JAA’s new dining plan met with skepticism from some community members
Kosher solution?Community not sold on JAA's new compromise

JAA’s new dining plan met with skepticism from some community members

“The Jewish community are the ones that gave money in the first place because Weinberg Terrace was a kosher place. … Why do I have to go to Cleveland or New York or Florida?”

Karen Gusky and other Pittsburgh Jewish community members have concerns about the JAA's new kosher policy. (Photo provided by Karen Gusky)
Karen Gusky and other Pittsburgh Jewish community members have concerns about the JAA's new kosher policy. (Photo provided by Karen Gusky)

Not everyone is on board with the Jewish Association on Aging’s new dietary policy.

In August, the JAA announced that it would no longer have a kosher kitchen in Weinberg Terrace, its personal care facility on Bartlett Street in Squirrel Hill. Instead, residents could request kosher meals, but they would be prepared off-site at the JAA’s main campus, then sealed and double-wrapped. After weeks of public comments concerning this plan, the JAA revised it.

The JAA announced last week that fresh kosher food, prepared under the watch of a VAAD mashgiach at its main campus, would be served on regular plates under the supervision of a volunteer mashgiach at Weinberg Terrace.

Karen Gusky, a community organizer who has spoken out about the JAA’s decision to offer non-kosher food, said she isn’t satisfied with the new plan. She is particularly worried that the VAAD may not be able to find and train enough volunteers.
She said that the JAA, in citing financial concerns as the main reason for converting the kitchen at Weinberg Terrace to non-kosher, wasn’t transparent with the community.

“We didn’t know there were financial difficulties,” she said. “They should have told us this. We could have set up a GoFundMe page.”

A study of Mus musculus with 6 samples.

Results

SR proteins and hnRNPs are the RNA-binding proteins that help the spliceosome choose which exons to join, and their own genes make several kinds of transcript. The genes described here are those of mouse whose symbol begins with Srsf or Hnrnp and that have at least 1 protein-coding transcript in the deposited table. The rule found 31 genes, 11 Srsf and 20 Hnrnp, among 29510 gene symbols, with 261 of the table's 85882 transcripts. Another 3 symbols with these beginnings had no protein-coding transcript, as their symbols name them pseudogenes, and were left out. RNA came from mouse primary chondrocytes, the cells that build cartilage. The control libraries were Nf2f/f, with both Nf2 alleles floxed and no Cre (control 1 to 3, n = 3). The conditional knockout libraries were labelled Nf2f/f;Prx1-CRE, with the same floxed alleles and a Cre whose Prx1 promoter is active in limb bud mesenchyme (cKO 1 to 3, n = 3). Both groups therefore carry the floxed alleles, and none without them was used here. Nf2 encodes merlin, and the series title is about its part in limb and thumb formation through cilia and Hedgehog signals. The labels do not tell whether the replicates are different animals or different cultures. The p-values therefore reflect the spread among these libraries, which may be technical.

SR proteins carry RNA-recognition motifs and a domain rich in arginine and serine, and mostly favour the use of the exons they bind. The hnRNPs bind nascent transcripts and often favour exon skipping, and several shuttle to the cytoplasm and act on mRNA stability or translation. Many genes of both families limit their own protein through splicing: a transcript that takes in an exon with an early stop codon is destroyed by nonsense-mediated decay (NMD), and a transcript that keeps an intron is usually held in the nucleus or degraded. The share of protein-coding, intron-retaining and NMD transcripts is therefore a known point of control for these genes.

Gusky is also concerned about non-kosher residents eating alongside kosher residents. She’s worried there’s a danger presented by something as simple as sharing a roll.

“You don’t know if there’s milk in that roll and you’re eating meat,” she said. “This is not a solution.”

Gusky said that more than 530 people signed a petition urging the JAA to reconsider maintaining Weinberg Terrace as an all-kosher facility. There is also a new Facebook group, Unity Pittsburgh Voices, dedicated to the cause.

“This is a big deal,” she noted, saying that she hears from people regularly who are concerned about the situation.

Gusky is worried about the options for local kosher seniors going forward.

“What’s going to happen to me? I don’t want to leave Pittsburgh. Where am I going to go for kosher food?” she said. “The Jewish community are the ones that gave money in the first place because Weinberg Terrace was a kosher place. … Why do I have to go to Cleveland or New York or Florida?”

Former Weinberg Terrace Executive Director Rena Becker said she believes the JAA’s new plan won’t satisfy many community members, who will continue to voice their displeasure.

The group plans another public meeting, she said, but that the date has not yet been set.

Rabbi Shimon Silver, who is a member of the VAAD, said that it is in the process of finding volunteers to supervise meal service at Weinberg Terrace.

Those interested in volunteering “should apply to the VAAD with the recommendation of their rabbi,” he said.

Silver said that the work isn’t difficult, but that the volunteers will need to get state clearances, which could take some time to be approved. PJC

David Rullo can be reached at drullo@pittsburghjewishchronicle.org.